Ehrenbreitstein Fortress was built as the backbone of the regional fortification system, Festung Koblenz, by Prussia between 1817 and 1832 and guarded the middle Rhine region, an area that had been invaded by French troops repeatedly before. The fortress was never attacked.
Early fortifications at the site can be dated back to about 1000 BC. At about AD 1000 Ehrenbert erected a castle. The Archbishops of Trier expanded it with a supporting castle Burg Helferstein and guarded the Holy Tunic in it from 1657 to 1794. Successive Archbishops used the castle's strategic importance to barter between contending powers; thus in 1672 at the outset of war between France and Germany the Archbishop refused requests both from the envoys of Louis XIV and from Brandenburg's Ambassador, Christoph Caspar von Blumenthal, to permit the passage of troops across the Rhine. However, in 1794, French revolutionary troops conquered Koblenz; in the following years they besieged Ehrenbreitstein three times without success. But a one-year siege, starting in 1798, brought starvation to the defenders of Ehrenbreitstein who finally handed over the fortress to French troops in 1799. By the treaty of Lunéville, the French were forced to withdraw from the right bank of the Rhine. Hence, they dismantled Ehrenbreitstein in 1801 to prevent the enemy from taking hold of a fully functional fortress just a few meters away from French territory on the left bank of the Rhine.
According to the Final Act of the Congress of Vienna in 1815, the Rhineland became a Prussian province. The fortification of the Koblenz area became a Prussian military priority, because of its proximity to France and the fact that Koblenz was a bottleneck for all means of transportation (ships, railways, land transportation because of bridges). Hence, the Prussians built a system of fortification around Koblenz, the so-called Fortress Koblenz, from 1817 until 1834. Yet, the name Fortress Koblenz should not be interpreted as if the whole city of Koblenz was a fortress. It should be rather viewed as a buzz word, referring to the ring of fortification around Koblenz, of which the Festung Ehrenbreitstein was a part. Fortress Koblenz was said to have been the largest military fortress in Europe except for Gibraltar. However, it is a common misconception, that the 'Festung Ehrenbreitstein' alone was the largest fortress in Europe. Ehrenbreitstein could be defended by up to 1200 soldiers. Unchallenged, it remained in service until 1890.
In 1822 the English translation of the castle's name, The Broad-Stone of Honour, was used as the title of Kenelm Henry Digby's exhaustive work on chivalry.
In 1897, a Monument to Emperor Wilhelm I was erected right below the Festung, but on the west side of the Rhine, known as the Deutsches Eck (German Corner). Both fortress and monument were considered as symbols for the 'Guard at the Rhine', as in the song 'Die Wacht am Rhein'.
During World War I the fortress was used as military headquarters. After World War I, the American General Henry Tureman Allen, convinced of its historical value as a premier 19th-century fortress, prevented its intended destruction. It was occupied by the US Army as their headquarters during the occupation of the Rhineland, and after January 1923 it was occupied by the French Army. During World War II, it served as a place of safekeeping for archives and cultural objects but also harbored three flak guns.
After World War II, it was used first by the French Army before it was handed over to the State of Rhineland-Palatinate. It now has multiple uses including a youth hostel, restaurant, museum and archive. In 2011, Festung Ehrenbreitstein will be part of the National Garden Show in Koblenz and is thus currently under renovation.References:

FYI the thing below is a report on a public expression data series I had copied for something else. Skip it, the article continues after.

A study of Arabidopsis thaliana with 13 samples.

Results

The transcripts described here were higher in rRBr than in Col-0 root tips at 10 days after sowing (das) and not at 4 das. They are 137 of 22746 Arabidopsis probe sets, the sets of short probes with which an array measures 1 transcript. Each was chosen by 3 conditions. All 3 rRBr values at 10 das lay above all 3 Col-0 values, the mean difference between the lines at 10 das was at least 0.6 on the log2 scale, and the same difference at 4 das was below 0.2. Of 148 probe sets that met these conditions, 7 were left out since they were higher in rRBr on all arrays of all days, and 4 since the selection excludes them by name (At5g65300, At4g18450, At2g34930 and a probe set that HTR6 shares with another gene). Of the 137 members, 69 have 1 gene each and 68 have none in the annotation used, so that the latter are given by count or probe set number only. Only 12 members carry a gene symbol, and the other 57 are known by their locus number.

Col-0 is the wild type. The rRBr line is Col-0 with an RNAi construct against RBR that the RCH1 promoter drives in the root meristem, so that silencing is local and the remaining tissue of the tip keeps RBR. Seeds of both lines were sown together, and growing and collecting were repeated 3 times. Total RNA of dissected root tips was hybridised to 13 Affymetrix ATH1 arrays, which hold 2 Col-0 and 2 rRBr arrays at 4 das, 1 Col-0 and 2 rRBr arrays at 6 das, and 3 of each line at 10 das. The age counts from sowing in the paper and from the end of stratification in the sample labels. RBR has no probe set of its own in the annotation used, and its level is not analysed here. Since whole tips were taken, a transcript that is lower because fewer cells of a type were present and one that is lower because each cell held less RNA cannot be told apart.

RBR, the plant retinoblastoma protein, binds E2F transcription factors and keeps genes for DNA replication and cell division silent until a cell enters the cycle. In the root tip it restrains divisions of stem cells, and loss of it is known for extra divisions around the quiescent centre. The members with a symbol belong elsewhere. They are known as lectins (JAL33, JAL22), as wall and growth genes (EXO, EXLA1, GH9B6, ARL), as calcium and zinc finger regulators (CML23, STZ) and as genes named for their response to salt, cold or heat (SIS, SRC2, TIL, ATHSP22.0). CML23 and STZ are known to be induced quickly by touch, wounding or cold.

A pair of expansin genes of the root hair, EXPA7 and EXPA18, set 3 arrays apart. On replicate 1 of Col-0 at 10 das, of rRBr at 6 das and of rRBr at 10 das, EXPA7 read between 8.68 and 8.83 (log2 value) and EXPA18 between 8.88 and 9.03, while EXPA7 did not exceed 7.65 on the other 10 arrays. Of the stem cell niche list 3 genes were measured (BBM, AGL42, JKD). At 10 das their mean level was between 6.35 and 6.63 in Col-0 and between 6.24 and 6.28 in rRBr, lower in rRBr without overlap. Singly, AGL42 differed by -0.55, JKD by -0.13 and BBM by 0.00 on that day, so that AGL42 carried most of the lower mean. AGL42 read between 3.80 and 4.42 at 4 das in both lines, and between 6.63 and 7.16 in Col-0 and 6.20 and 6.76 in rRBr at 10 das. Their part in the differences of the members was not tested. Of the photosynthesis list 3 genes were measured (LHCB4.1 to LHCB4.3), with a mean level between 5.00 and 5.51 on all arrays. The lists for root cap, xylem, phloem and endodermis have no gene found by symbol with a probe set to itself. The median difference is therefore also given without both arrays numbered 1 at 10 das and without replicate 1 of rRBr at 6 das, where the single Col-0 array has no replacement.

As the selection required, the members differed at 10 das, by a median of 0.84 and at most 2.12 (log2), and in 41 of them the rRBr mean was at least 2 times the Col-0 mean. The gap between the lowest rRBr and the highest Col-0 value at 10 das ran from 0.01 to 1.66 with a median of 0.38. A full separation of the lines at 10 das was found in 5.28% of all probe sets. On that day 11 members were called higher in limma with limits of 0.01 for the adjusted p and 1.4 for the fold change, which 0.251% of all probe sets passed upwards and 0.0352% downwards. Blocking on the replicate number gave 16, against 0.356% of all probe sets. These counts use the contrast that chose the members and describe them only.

Angelokastro is a Byzantine castle on the island of Corfu. It is located at the top of the highest peak of the island"s shoreline in the northwest coast near Palaiokastritsa and built on particularly precipitous and rocky terrain. It stands 305 m on a steep cliff above the sea and surveys the City of Corfu and the mountains of mainland Greece to the southeast and a wide area of Corfu toward the northeast and northwest.
Angelokastro is one of the most important fortified complexes of Corfu. It was an acropolis which surveyed the region all the way to the southern Adriatic and presented a formidable strategic vantage point to the occupant of the castle.
Angelokastro formed a defensive triangle with the castles of Gardiki and Kassiopi, which covered Corfu"s defences to the south, northwest and northeast.
The castle never fell, despite frequent sieges and attempts at conquering it through the centuries, and played a decisive role in defending the island against pirate incursions and during three sieges of Corfu by the Ottomans, significantly contributing to their defeat.
During invasions it helped shelter the local peasant population. The villagers also fought against the invaders playing an active role in the defence of the castle.
The exact period of the building of the castle is not known, but it has often been attributed to the reigns of Michael I Komnenos and his son Michael II Komnenos. The first documentary evidence for the fortress dates to 1272, when Giordano di San Felice took possession of it for Charles of Anjou, who had seized Corfu from Manfred, King of Sicily in 1267.
From 1387 to the end of the 16th century, Angelokastro was the official capital of Corfu and the seat of the Provveditore Generale del Levante, governor of the Ionian islands and commander of the Venetian fleet, which was stationed in Corfu.
The governor of the castle (the castellan) was normally appointed by the City council of Corfu and was chosen amongst the noblemen of the island.
Angelokastro is considered one of the most imposing architectural remains in the Ionian Islands.